Last week, even as construction crews were placing the final shingles on the Santander Bank roof, unhappy Tisbury selectmen voted to refer the project to the Martha’s Vineyard Commission as a development of regional impact (DRI). At their Tuesday meeting, selectmen learned that the red clay tiles on the historic building were being replaced with red asphalt shingles.
In a two-part carrot-and-stick vote, selectmen Tristan Israel, Larry Gomez, and Melinda Loberg asked building inspector Ken Barwick to contact bank officials and ask if they would consider replacing the clay tiles. Selectmen Israel and Gomez then voted to refer the project to the MVC under their own auspices — chairman Loberg abstained.
A later review of the MVC DRI checklist revealed that any alteration of the building, which was built in 1905, should have triggered a referral to the MVC as a DRI when the bank applied for a building permit. Under “historical structures,” the checklist that triggers an automatic, as opposed to a discretionary, referral states that if a building is over 100 years old, any exterior alteration to it or the demolition of it qualifies the building as a DRI and requires that it be referred to the MVC.
In a telephone conversation Friday, Mr. Barwick said he was aware of the shingles, and that his failure to refer the project to the MVC, or notify selectmen of the change, was an oversight on his part.
“It’s me taking the blame for not following through,” Mr. Barwick said.
The building permit for the project was filed on August 4, and approved by Mr. Barwick. The permit application, which was received the same day the permit was filed, stated that construction would “remove and replace existing roof with asphalt shingle roof.”
The section of the application that requested specifics of the project, for example “roof cover,” was not filled out.
In a conversation Friday, Ms. Loberg said that although accountable, Mr. Barwick was following standard procedures.
“He’s accountable, but he was acting within his jurisdiction,” Ms. Loberg said. “It’s a matter of subjectivity about whether it should’ve rung a bell that this was a building over 100 years old and something had to happen.”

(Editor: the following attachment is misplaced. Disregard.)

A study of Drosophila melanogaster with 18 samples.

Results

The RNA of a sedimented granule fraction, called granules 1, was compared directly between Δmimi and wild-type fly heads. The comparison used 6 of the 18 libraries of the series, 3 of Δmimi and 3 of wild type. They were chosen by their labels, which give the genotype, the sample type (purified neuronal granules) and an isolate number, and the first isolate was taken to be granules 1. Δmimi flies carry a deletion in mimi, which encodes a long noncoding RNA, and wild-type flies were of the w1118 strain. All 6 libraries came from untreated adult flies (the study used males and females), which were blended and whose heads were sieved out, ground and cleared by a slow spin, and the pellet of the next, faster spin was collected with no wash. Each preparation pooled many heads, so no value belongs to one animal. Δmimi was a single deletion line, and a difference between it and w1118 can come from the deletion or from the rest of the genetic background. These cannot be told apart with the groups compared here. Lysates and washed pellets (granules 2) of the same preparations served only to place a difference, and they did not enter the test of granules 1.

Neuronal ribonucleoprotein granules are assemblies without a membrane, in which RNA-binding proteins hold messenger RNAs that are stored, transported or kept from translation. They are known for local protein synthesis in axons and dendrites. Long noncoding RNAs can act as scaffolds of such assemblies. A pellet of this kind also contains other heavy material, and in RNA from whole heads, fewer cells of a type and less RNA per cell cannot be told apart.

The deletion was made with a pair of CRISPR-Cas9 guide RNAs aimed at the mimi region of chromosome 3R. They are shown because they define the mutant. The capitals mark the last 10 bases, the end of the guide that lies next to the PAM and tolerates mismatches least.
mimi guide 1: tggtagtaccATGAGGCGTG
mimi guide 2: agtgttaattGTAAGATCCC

During the discussion surrounding the bank project when selectmen met on Oct. 4, selectmen Israel and Gomez roundly criticized Santander for proceeding to replace the tiles.
“That’s a complete disregard for the town, they just don’t care,” Mr. Gomez said.
“Too bad Santander Bank doesn’t have more sensitivity about the community,” Mr. Israel said.
Mr. Barwick and town administrator John Grande told selectmen that the bank had followed all the rules.
Positive result sought
In a conversation with The Times this week, Mr. Grande said that although the town is pursuing a resolution with the bank, no decisions have been made. He said the DRI was sent by certified mail to the MVC on Tuesday.
“We are following both tracks,” Mr. Grande said.
As to accountability, Mr. Grande told The Times that he is focused on following the selectmen’s motions and reaching a “positive result.” Mr. Grande said they will go back and “audit” the process, but that they won’t do that until they address the issue.
“I’m interested in a resolution that satisfies the selectmen’s motions,” Mr. Grande said.
MVC DRI coordinator Paul Foley told The Times that building and zoning board inspector Ken Barwick notified him that the DRI was sent. Mr. Foley said he tried to contact two Santander Bank representatives on Tuesday, but has not yet been able to reach them. He said the MVC could not schedule a hearing until they are in contact with the bank.
Once a hearing is scheduled, it would be up to the full commission to accept the referral or send it back to the appropriate town board.
Mr. Foley said that although it was an oversight, he held Mr. Barwick in high regard. “He is an excellent public servant and an excellent building inspector,” Mr. Foley said. “He made a mistake and an oversight, and I’m confident it will be fixed.”
One thing most will agree on is the historical significance of the building to the town. Mr. Foley said he would suggest that the town have the building listed on the National Register of Historic Places.
“It really is a gem,” Mr. Foley said.
Santander spokeswoman Ann Davis, senior manager of external communications in Boston, emailed a statement to The Times on Wednesday.
“Santander Bank is sensitive to the historical significance of the building we own on Main Street in Vineyard Haven. We are committed to being a good neighbor to the Martha’s Vineyard community, and we are looking at all of our options. We will continue to keep the lines of communication open on this issue.”
The building was constructed in 1905 by William Barry Owen on the site of the Crocker Harness Factory, and housed the Martha’s Vineyard National Bank. It was designed by architect J. Williams Beal of Boston. Mindful of the Great Fire of 1883, when every building — 32 houses, 26 stores, and 14 barns — from Main Street to Beach Street burned to the ground, and another in 1899, the bank was built of fieldstone to “assure safety and to symbolize the recovered town,” according to the Dukes County Intelligencer of the Martha’s Vineyard Museum.
The bank’s distinctive tile roof was also used on Hedge Lee, a nearby Italian-style villa in Vineyard Haven that featured a red tiled roof and white stucco façade, also designed by Mr. Beal. It was built in 1903–04 for millionaire Charles Elmore Whitney of Boston, heir to the Hollingsworth and Whitney paper company. The house has also been associated with the family of writer John Hersey.